Fonterra sees its move to establish dairy farms in China as a strategic win.
The dairy co-op said today that it had agreed to sell its China farms for a total of $555 million to Inner Mongolia Natural Dairy Company, a subsidiary of China Youran Dairy Group.
Separately, Fonterra said it had agreed to sell its 85 per cent interest in its Hangu farm to Beijing Sanyuan Venture Capital Co for $42m.
Post impairments, Fonterra had written down the holding value of its China farms to $480m.
Fonterra's foray into dairy farming in China began just over 10 years ago, when the country represented a small fraction of the $4 billion business that it is today.
"We always said that we needed to support the local Chinese dairy industry to make that happen," Hurrell said.
"Strategically it was a very important move and we are pleased from that perspective, but we did not start off with the intention of losing money," he said.
From the outset, Fonterra's dairy farms in China have struggled to turn a profit.
"They have not been as successful as we would have liked," Hurrell said.
"It's been a difficult process for us to set up farms in China but from a strategic perspective it was absolutely the right call," he said.
"We have done what we said we would do in supporting the local industry and getting those farms to an operational level that we are all happy with, including the local Chinese, and we are now in a position to pass the baton back to local ownership," he said.
"So from that perspective we are very happy and the $4 billion business that we have in China today is something that we are very proud of."
Fonterra has been selling assets to reduce debt over the last 18 months.
All that remains to be sold now is Fonterra's DPA investment in Brazil which it has said was performing strongly.
Covid-19 disruption of the process meant the sale was probably some months away, Hurrell said.
Forsyth Barr analyst Chelsea Leadbetter said the China farms sale was "on strategy" in terms of simplifying the business and reducing debt.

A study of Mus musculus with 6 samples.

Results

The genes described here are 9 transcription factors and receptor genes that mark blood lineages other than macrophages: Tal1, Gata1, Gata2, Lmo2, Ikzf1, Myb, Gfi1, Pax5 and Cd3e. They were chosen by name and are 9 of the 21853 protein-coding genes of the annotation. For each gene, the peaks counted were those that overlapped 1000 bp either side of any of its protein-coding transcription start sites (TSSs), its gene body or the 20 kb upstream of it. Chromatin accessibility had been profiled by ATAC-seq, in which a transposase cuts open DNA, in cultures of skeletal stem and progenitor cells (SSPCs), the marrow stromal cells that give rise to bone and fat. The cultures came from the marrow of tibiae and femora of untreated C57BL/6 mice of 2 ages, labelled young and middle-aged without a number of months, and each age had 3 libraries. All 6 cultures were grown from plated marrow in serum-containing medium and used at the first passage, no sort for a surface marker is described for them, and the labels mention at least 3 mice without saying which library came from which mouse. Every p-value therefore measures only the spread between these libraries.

"Unfortunately it has not been the best experience in China," she said.
"We will continue to see them simplify the business and pay down debt, which is good for everyone in terms of its ability to perform going forward," she said.
Fonterra last month returned to annual profitability after two years of steep losses.
In announcing a $659m net profit, the company said it would restart dividends after a two-year hiatus.
Fonterra settled on a milk price for the season just north of $7.14 per kg - one of the highest on record - and kept its forecast for the current season within a $5.90-$6.90 range.
The previous year's $605m net loss was driven by $826m in writedowns on ill-fated acquisitions.
In the year just past, Fonterra has made inroads into its debt mountain, reducing its debt-to-ebitda ratio to 3.4 times from 4.4 times a year ago.
Hurrell wants to get Fonterra's debt down to three to 3.5 times ebitda this year and the ultimate goal is to get it down to between 2.5 and three times.
In terms of Fonterra's strategic "reset" launched a year ago, Hurrell said the co-op was getting close to achieving its goal.
For the current year, Fonterra has forecast an earnings per share range of 20c-35c.
The co-op's NZX listed units last traded at $4.02, up 2c from Friday's close.
Fonterra's slow, painful Beingmate exit continues
Meanwhile, Fonterra has shed more than 10 per cent of its stake in Chinese company Beingmate as the slow, painful process of selling out of the costly investment continues.
The Kiwi dairy co-operative now holds 7.82 per cent of Beingmate following its latest reduction, according to Shenzhen Stock Exchange data.
Fonterra has been selling down in 1 per cent chunks through "centralised bidding transactions" and block trades.
Under Shenzhen Stock Exchange rules it is only possible to sell up to 1 per cent every 90 days directly on the exchange, or sell up to 2 per cent in a single block every 90 days.
Trades greater than 5 per cent can be made to an individual party in an off-market transaction.
Fonterra recently sold 10.225 million shares between September 22 and September 28 when the Beingmate share price hovered between 6.8 yuan and 7.4 yuan.
Fonterra paid 18 yuan per share for its Beingmate shares for a total outlay of NZ$755 million as part of a joint venture partnership. But when heavy financial losses decimated Beingmate's value, Fonterra was forced to write down the carrying value to just $204m before making the decision to exit last year.
Beingmate shares last traded at 7.07 yuan, although the stock did reach a high of 9.18 yuan on August 25.
When Fonterra invested in Beingmate in 2015 it said the deal would give access to the lucrative Chinese market for its infant formula and other products.
Beingmate originally had sole rights to distribute Fonterra's popular Anmum brand in China but that ended as the two companies fell out over strategy and governance issues.
In August Beingmate released its interim result showing operating income in the first half of 2020 was 1.487 billion yuan, a year-on-year increase of 14.78 per cent.
Net profit was 48.28 million yuan, an increase of 140 per cent.